Experts take legal advice in effort to block lucrative deal on underwater excavation of HMS Victory
The Ministry of Defence is facing a legal battle and parliamentary questions after letting a US company excavate a British 18th-century warship laden with a potentially lucrative cargo.
Lord Renfrew is among leading archaeologists condemning a financial deal struck over HMS Victory, considered the world’s mightiest ship when she sank in a storm in the English Channel in 1744.
In return for excavating the vessel’s historic remains, which may include gold and silver worth many millions of pounds, Odyssey Marine Exploration is entitled to receive “a percentage of the recovered artefacts’ fair value” or “artefacts in lieu of cash”.
Lord Renfrew, a Cambridge academic, said: “That is against the Unesco convention, in particular against the annexe, which states that underwater cultural heritage may not be sold off or exploited for commercial gain.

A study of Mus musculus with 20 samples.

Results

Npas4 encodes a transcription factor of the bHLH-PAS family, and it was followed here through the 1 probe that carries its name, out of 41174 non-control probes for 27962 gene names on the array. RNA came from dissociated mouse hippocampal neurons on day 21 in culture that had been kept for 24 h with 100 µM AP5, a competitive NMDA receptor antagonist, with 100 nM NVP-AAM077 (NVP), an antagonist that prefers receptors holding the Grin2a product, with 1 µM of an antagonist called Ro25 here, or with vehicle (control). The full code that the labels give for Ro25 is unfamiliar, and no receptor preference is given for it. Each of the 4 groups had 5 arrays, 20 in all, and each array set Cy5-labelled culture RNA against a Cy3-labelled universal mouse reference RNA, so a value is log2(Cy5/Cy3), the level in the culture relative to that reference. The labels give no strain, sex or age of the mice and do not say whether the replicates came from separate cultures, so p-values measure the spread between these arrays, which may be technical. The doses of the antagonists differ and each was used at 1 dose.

“Odyssey is a commercial salvager. It’s not clear that payment could be obtained other than by the sale of the artefacts which are raised – which, of course, is how Odyssey has operated in the past. To raise artefacts simply for sale would be regarded by most responsible archaeologists as plundering.”
Two bronze guns have already been recovered from the wreck and sold to the National Museum of the Royal Navy for £50,000, funded out of the MoD’s grant. Lord Renfrew said: “It sounds as if a national museum was paying for cannons which are already owned by the nation.”
Unesco also states that the gifting of a wreck requires those undertaking archaeological work to have adequate resources. The archaeologists accuse the MoD of dereliction of duty in passing responsibility for this historic wreck to the Maritime Heritage Foundation (MHF), a charitable trust “which appears to have no financial, archaeological or management resources” while embarking on a project “that will cost millions”. They complain that MHF entered into a contract with Odyssey, “a listed US business seeking a financial return for its shareholders” which “relies on selling artefacts… to finance archaeological work”. Ironically, the MoD originally rejected Odyssey’s direct offer to excavate.